Registered Users, Registered Users 2 Posts: 1,213 ✭✭✭

I have my college exams next week, i've most of the questions learned but im stuck on the below formula. Can anyone help..the answer is shown I just don't know how he arrived at that answer?

I've attached the file....thanks

• Moderators, Science, Health & Environment Moderators Posts: 18,213 Mod ✭✭✭✭

This guy explains his answer to a similar question

When you sub in the density of mercury (13594kg/m^3) the answer comes out at 179m/s which is close enough to 180 for them to say 180.

I could, of course be completely wrong!

• Moderators, Arts Moderators Posts: 10,518 Mod ✭✭✭✭

You need to use Bernoulli's equation:

$P_{1} + \frac{1}{2}\rho_{1} V_{1}^2 + \rho_{1} g h_{1} = P_{2} + \frac{1}{2}\rho_{2} V_{2}^2 + \rho_{2} g h_{2}$

This equation relates the hydrostatic properties of a system at two different points. You need to look at the problem and identify points where you can remove some terms, where you know the state of the system is the same, or where you know enough terms to solve the equation.

In this case the velocity of the air results in pressure differential between the total (stagnation) and static pressure ports which causes the change in the height of the Mercury.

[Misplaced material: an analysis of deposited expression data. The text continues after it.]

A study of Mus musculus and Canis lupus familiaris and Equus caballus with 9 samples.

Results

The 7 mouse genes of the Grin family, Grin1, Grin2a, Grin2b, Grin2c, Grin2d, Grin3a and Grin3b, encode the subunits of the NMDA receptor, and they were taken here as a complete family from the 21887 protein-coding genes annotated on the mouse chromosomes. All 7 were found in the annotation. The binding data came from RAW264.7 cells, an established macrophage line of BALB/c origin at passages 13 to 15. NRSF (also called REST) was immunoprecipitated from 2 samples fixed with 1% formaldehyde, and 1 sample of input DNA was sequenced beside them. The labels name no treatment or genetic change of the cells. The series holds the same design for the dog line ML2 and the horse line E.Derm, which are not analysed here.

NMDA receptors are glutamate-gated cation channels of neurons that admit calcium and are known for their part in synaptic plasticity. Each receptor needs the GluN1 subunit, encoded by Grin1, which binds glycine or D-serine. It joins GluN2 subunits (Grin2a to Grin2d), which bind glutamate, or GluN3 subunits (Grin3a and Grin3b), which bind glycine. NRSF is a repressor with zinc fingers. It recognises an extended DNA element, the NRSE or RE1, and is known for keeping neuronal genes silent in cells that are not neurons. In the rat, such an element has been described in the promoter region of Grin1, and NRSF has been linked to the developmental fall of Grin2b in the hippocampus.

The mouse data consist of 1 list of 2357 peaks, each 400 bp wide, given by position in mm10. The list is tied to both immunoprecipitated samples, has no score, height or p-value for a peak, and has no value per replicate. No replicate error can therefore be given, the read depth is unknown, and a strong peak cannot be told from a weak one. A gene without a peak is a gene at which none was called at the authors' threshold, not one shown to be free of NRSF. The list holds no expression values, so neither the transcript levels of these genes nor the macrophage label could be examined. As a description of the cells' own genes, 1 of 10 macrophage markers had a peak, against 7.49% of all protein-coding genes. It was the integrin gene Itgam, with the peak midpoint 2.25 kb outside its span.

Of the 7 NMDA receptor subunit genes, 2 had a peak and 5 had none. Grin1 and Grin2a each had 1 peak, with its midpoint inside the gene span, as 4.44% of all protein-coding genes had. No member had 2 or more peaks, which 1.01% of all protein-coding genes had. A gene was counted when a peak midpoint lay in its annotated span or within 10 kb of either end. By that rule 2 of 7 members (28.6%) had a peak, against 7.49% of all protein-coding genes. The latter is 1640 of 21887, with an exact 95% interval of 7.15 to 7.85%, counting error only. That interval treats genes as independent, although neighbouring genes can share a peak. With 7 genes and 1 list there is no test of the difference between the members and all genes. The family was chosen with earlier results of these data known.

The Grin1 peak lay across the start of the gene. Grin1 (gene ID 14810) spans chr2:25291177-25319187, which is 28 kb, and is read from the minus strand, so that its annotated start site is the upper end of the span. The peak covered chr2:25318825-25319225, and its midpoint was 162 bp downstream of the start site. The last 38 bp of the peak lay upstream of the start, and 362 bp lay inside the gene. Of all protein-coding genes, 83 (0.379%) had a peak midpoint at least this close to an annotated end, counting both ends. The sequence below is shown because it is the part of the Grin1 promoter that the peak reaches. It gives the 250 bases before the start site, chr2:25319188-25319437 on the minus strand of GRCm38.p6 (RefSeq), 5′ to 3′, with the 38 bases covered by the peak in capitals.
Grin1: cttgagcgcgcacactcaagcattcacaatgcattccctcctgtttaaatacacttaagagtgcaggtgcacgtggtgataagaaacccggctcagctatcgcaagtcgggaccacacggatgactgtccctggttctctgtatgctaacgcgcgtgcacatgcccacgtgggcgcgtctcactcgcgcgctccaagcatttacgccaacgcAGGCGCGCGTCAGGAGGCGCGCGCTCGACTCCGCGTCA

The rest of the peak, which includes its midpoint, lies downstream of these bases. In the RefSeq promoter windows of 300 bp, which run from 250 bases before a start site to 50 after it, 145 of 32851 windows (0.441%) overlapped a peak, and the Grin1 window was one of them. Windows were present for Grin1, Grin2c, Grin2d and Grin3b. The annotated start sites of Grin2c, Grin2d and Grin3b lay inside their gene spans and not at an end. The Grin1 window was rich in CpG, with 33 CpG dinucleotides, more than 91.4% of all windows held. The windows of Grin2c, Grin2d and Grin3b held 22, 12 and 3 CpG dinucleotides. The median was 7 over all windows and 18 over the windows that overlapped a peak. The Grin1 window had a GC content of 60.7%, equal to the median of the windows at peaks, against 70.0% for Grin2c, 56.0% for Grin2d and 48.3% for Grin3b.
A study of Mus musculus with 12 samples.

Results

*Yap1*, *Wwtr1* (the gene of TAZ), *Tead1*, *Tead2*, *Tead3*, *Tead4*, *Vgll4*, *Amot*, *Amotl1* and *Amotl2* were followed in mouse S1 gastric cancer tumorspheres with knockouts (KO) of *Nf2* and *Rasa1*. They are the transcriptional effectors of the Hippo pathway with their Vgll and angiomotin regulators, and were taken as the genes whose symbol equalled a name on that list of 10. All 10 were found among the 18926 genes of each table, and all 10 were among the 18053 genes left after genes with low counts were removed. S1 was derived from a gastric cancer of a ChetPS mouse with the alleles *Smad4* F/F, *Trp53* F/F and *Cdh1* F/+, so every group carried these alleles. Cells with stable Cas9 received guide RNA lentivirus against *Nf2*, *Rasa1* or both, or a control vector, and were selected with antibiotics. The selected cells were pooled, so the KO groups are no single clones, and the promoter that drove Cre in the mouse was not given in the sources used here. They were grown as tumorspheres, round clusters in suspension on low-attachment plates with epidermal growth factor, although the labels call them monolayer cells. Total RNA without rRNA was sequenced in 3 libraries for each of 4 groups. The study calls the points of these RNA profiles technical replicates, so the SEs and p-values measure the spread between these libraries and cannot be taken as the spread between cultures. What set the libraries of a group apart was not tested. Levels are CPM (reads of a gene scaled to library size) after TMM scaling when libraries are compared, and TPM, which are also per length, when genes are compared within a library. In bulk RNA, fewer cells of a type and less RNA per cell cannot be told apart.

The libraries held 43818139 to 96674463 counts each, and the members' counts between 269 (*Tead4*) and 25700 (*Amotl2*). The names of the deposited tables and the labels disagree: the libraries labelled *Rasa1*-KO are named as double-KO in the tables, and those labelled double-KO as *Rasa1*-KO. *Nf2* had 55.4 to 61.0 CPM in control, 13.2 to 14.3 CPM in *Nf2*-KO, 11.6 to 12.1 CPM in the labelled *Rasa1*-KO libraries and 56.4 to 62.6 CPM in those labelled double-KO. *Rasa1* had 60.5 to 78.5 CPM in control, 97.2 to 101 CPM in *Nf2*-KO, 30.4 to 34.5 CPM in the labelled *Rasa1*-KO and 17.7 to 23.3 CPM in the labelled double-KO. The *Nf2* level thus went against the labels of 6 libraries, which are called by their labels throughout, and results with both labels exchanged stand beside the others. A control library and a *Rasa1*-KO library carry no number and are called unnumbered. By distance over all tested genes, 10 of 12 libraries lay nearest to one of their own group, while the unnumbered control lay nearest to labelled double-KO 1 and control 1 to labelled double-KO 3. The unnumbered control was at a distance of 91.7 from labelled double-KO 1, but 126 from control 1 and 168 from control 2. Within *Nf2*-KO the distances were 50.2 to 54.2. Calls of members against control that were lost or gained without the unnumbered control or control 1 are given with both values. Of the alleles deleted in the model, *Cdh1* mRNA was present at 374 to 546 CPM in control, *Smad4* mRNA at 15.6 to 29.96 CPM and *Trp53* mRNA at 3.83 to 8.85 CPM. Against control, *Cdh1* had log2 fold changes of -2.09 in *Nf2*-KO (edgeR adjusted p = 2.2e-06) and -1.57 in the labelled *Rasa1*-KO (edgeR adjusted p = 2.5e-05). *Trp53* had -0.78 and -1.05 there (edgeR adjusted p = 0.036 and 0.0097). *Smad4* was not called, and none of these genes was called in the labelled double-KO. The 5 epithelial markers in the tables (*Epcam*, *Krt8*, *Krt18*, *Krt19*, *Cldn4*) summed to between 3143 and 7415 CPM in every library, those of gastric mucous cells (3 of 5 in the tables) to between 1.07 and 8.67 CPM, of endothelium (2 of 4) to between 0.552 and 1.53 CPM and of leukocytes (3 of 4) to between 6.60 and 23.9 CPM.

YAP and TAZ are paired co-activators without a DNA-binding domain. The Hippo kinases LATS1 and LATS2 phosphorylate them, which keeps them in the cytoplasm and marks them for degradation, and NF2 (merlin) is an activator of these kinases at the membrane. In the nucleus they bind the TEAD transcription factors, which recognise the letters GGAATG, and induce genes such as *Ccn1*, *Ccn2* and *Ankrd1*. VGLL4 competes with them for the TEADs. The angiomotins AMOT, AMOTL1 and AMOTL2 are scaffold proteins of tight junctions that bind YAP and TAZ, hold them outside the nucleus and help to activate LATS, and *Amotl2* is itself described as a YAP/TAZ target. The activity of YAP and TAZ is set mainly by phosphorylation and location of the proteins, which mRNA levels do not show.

See #2 here for the solution. You can figure out the pressures at points A and B and equate the two since they are actually equal according to Bernoulli's equation.

You can bring the air velocity into the mix by, again, using Bernoulli's equation to write an expression for the pressure differential across the pitot static probe.
Combine your set of equations to solve for the velocity and get rid of the pressure terms. Now the velocity is given in terms of just the densities, the head and gravity.

Also, don't simply 'learn' the questions :mad:. The whole point is that you understand the concepts - there is nothing worse than a student who just regurgitates content blindly.